April 20, 2000
ACCESS TO ARREST RECORDS
By: Sandra Norman-Eady, Senior Attorney
You wanted to know if the Freedom of Information Act requires the disclosure of arrest records.
With two exceptions, the Freedom of Information Act (FOIA) requires public disclosure of the names and addresses of arrestees; the date, time, and place of the arrest; and the offense for which each was arrested. The requirement does not apply to juvenile or erased records.
Records designated by the police department as an arrest or incident report, news release, or other similar reports have to be disclosed only if they do not fit within the FOIA exemption for law enforcement records (CGS § 1-215). Law enforcement agencies do not have to allow access to records of criminal investigations or detection if disclosure would be contrary to the public interest because it would reveal:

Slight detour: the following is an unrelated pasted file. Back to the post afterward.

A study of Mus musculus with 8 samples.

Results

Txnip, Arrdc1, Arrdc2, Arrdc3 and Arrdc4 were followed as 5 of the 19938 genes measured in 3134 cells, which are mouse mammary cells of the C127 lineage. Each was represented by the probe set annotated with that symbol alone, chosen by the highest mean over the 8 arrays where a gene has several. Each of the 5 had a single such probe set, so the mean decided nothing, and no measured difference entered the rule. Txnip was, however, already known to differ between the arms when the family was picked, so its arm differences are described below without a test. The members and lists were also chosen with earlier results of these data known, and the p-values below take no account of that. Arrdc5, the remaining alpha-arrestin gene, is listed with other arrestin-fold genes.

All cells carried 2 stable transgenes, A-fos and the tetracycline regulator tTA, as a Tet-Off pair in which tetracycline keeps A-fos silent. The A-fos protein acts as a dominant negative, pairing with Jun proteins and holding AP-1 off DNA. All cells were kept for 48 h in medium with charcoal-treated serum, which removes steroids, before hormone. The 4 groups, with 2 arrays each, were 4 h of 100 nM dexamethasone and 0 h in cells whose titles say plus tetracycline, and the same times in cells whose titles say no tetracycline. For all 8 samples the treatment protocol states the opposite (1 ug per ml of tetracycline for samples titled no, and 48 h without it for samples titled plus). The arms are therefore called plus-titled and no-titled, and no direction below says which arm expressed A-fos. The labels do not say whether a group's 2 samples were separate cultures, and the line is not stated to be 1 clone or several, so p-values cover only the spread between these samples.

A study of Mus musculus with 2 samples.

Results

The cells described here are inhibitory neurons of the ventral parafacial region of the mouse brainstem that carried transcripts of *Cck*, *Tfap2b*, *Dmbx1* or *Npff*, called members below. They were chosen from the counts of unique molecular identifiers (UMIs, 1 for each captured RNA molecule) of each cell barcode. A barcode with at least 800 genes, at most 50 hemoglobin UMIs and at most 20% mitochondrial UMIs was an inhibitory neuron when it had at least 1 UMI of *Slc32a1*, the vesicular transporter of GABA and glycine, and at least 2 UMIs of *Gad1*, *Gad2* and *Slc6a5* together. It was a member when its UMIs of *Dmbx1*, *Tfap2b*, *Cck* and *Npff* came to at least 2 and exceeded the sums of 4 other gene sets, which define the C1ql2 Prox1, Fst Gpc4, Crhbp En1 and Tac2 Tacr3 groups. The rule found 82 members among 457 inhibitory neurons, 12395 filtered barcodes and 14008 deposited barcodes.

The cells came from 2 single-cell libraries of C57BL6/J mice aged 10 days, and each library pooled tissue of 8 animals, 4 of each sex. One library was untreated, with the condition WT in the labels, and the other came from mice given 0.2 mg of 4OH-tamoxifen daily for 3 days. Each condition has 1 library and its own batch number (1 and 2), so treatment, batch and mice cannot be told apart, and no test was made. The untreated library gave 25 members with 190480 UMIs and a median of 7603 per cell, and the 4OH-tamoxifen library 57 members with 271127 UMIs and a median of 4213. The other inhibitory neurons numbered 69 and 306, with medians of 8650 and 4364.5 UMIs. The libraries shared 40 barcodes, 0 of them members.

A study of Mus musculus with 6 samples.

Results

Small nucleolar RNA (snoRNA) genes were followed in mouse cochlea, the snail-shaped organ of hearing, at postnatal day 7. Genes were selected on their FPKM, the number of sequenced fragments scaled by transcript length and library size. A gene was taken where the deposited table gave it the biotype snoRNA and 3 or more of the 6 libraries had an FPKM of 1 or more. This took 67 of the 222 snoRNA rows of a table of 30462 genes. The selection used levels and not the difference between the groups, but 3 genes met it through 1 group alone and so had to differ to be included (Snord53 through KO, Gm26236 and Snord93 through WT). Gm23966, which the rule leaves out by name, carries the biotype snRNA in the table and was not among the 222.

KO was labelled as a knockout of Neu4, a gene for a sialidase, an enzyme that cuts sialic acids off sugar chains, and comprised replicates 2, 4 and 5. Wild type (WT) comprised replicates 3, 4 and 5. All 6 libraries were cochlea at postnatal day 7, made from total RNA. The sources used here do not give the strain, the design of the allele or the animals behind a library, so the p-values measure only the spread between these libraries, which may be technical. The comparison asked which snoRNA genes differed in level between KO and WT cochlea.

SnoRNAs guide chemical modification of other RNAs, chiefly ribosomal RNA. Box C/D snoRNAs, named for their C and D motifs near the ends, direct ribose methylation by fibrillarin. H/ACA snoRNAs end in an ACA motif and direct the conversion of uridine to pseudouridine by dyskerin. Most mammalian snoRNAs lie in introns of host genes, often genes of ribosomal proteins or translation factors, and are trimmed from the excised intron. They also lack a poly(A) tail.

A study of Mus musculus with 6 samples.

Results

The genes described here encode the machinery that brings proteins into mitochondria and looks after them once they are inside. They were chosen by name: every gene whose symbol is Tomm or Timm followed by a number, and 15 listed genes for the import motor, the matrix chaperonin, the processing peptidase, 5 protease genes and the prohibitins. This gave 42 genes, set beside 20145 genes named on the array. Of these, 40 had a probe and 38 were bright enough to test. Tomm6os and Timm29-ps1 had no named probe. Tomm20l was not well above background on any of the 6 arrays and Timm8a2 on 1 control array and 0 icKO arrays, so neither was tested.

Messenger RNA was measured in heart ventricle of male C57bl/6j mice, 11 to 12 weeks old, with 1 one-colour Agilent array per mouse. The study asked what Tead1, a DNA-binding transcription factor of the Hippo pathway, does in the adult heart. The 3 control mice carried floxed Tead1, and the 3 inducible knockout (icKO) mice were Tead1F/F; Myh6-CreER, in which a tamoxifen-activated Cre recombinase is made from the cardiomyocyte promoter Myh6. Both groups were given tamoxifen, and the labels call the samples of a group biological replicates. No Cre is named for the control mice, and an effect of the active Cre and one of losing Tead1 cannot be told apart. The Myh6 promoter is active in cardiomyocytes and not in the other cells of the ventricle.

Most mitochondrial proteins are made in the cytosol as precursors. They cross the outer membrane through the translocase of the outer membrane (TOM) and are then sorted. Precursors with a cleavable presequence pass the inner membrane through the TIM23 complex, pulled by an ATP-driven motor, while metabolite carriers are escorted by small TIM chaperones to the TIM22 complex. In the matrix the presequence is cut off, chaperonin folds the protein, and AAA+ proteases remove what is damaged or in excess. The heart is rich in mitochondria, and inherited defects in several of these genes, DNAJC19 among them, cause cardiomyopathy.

1. the identity of informants not otherwise known;
2. information prejudicial to a prospective law enforcement action;
3. investigatory techniques not otherwise known to the general public;
4. juvenile arrest records, including related investigatory files;
5. the names and addresses of victims of sexual assault, risk of injury, or moral impairment;
6. signed witness statements; or
7. allegations that must be destroyed after one year if uncorrobated (CGS § 1-210 (b)(3)).
The law specifically prohibits law enforcement agencies from disclosing any personal effects or possessions found on an arrestee unless the items are relevant to the crime for which he was arrested (CGS § 1-215 (a)).